Steve Hodgson, Editor, COSPP
Can cogeneration play an important role in the ‘smart’ electricity grid concept being developed around the world, and then within real, physical, smart grids? Most certainly, suggests COGEN Europe’s Fiona Riddoch in a feature article in this issue on page 15. CHP has always delivered a range of benefits to several market participants – reduced energy costs and an element of energy independence for the host consumer; lower emissions for the environment; and local grid reinforcement services for the utility.
Of course utilities only benefit if they actively manage their use of the grid at the point of connection of the cogeneration plant – but this is one part of what smart grids are about. The new angle is the use of grid-embedded CHP plants to balance the growing, yet intermittent, output from some renewable technologies, mainly wind farms. Less efficient power-only plants would also do this job, but why not, aided by the use of heat storage technologies, capitalize on the efficiency bonus which CHP delivers?
What about another concept for the future – energy services. Here energy suppliers are incentivized to make their returns not on the volume of energy sold, but the efficiency with which they deliver quantities of useful heat, light, power etc to consumers. Imagine what this business model could deliver in terms of energy efficiency. But it’s not a concept for the future – the energy services model has been used with medium to large-scale CHP in Europe for quite some years. A specialist third-party energy services company installs CHP equipment at no capital cost to the consumer and sells its output at rates below those for conventional imported power and boiler-generated heat. The inherently high efficiency of CHP means that the energy services company is able to recoup its costs, and make a return, from the difference between those rates – and can maximize its return by maximizing the efficiency with which the plant runs.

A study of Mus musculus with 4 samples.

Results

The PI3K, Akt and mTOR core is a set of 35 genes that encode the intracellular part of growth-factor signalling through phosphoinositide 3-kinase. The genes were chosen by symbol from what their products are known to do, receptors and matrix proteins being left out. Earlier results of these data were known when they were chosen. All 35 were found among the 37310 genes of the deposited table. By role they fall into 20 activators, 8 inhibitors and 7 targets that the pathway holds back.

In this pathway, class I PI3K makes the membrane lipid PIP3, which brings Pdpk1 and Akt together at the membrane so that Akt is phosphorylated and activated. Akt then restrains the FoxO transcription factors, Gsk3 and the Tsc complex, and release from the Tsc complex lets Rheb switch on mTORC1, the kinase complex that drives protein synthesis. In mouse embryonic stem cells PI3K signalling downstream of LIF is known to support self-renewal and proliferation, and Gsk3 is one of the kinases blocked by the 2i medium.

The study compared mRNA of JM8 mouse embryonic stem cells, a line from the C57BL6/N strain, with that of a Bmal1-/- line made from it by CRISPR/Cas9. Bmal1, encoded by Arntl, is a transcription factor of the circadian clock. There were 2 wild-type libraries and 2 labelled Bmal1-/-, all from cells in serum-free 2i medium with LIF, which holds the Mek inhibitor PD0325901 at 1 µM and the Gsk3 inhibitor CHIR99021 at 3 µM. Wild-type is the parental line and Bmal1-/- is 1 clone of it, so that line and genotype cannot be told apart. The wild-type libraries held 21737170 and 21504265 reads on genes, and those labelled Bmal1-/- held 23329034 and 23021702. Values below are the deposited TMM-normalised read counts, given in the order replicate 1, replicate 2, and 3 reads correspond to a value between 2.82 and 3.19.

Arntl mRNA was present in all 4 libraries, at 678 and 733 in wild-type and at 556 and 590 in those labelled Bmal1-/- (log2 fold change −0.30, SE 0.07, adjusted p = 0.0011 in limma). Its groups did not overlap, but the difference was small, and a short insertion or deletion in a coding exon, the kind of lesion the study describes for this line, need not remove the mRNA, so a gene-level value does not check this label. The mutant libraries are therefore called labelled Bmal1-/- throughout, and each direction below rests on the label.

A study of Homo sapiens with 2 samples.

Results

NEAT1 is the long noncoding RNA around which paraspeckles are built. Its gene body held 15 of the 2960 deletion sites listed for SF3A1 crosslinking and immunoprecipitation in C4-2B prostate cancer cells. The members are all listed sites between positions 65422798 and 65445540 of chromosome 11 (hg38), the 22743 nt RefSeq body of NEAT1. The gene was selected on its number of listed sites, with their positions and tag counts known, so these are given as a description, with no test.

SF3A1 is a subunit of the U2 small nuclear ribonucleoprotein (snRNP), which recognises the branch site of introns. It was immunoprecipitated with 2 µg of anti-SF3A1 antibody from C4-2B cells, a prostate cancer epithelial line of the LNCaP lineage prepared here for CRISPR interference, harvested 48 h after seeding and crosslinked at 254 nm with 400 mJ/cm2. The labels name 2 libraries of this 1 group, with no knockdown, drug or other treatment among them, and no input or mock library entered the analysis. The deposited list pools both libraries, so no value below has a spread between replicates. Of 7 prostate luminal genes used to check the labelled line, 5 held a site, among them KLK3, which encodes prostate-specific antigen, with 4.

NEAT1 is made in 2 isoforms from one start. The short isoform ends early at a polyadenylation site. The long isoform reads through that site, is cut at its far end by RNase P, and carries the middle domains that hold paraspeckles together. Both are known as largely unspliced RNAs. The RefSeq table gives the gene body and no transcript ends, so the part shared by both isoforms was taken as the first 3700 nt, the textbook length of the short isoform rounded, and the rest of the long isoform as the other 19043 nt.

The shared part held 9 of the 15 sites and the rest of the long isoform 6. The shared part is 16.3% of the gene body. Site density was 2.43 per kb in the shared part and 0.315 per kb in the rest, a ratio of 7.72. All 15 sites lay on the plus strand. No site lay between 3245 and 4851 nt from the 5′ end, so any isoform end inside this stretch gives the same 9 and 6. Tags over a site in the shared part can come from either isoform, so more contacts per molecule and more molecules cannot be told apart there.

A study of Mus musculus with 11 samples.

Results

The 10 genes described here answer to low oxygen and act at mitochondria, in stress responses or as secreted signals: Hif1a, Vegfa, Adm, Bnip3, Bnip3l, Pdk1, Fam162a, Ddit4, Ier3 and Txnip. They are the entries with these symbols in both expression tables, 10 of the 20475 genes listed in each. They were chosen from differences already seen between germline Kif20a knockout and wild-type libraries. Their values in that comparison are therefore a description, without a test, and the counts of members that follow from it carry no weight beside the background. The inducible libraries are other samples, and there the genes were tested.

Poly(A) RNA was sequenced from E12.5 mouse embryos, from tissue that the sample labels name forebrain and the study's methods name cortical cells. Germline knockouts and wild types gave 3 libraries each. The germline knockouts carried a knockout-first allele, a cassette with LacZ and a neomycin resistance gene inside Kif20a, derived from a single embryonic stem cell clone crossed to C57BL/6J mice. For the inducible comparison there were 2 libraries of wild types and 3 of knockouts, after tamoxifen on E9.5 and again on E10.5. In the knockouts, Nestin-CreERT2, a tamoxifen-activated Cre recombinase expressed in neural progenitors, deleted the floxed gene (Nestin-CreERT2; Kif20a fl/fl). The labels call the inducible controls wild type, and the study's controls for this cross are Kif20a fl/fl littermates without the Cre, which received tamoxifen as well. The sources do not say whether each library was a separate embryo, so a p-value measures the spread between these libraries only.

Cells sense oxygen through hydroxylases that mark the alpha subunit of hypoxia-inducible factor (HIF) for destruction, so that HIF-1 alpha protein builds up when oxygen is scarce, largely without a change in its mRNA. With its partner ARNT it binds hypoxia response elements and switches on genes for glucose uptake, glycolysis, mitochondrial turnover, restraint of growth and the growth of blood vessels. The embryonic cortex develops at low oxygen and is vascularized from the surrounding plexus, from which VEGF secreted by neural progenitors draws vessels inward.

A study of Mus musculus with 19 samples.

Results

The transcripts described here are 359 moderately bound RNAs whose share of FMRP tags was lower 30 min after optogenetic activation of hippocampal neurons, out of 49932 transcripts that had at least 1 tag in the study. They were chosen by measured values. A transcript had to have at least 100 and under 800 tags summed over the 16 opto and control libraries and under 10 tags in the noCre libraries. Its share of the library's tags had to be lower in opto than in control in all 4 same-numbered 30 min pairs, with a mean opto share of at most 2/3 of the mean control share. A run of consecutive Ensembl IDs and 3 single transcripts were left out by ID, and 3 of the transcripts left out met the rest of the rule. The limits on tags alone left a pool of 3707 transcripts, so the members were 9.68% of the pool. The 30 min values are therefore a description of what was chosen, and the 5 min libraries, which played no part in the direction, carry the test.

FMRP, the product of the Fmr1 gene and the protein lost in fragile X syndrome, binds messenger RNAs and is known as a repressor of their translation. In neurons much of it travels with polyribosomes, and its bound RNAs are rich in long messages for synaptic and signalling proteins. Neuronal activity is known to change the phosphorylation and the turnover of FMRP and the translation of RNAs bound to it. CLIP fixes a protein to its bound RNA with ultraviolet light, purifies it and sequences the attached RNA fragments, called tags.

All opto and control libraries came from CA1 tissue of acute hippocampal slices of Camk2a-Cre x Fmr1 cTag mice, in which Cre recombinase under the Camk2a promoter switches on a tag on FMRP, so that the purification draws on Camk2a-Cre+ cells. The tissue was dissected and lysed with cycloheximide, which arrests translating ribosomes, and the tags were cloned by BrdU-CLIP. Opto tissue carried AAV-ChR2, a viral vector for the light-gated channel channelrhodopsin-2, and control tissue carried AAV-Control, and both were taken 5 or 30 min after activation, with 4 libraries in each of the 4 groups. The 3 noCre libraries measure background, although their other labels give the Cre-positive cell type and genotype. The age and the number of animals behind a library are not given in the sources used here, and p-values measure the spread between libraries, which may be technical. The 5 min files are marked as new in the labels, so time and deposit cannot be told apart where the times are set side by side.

The model can work at smaller-scale too, and one the ‘on-site utility’ for CHP at a building scale has reached the US, as Barry Sanders describes in another article in the issue on page 20.
Elsewhere, we take a look at the use of gas turbines in cogeneration and on-site power both in theory – how to improve operability, output and efficiency – and in practice – at a large new-build project from Alstom which serves an aluminium plant in Dubai (on page 36). We also include a feature from Dalkia Asia on its fascinating work managing and upgrading district heating systems in China (on page 32); the innovative use of microturbines in the fast-growing and energy-hungry data centre sector (on page 40); and the considerable scope for decentralized energy in Thailand (on page 44).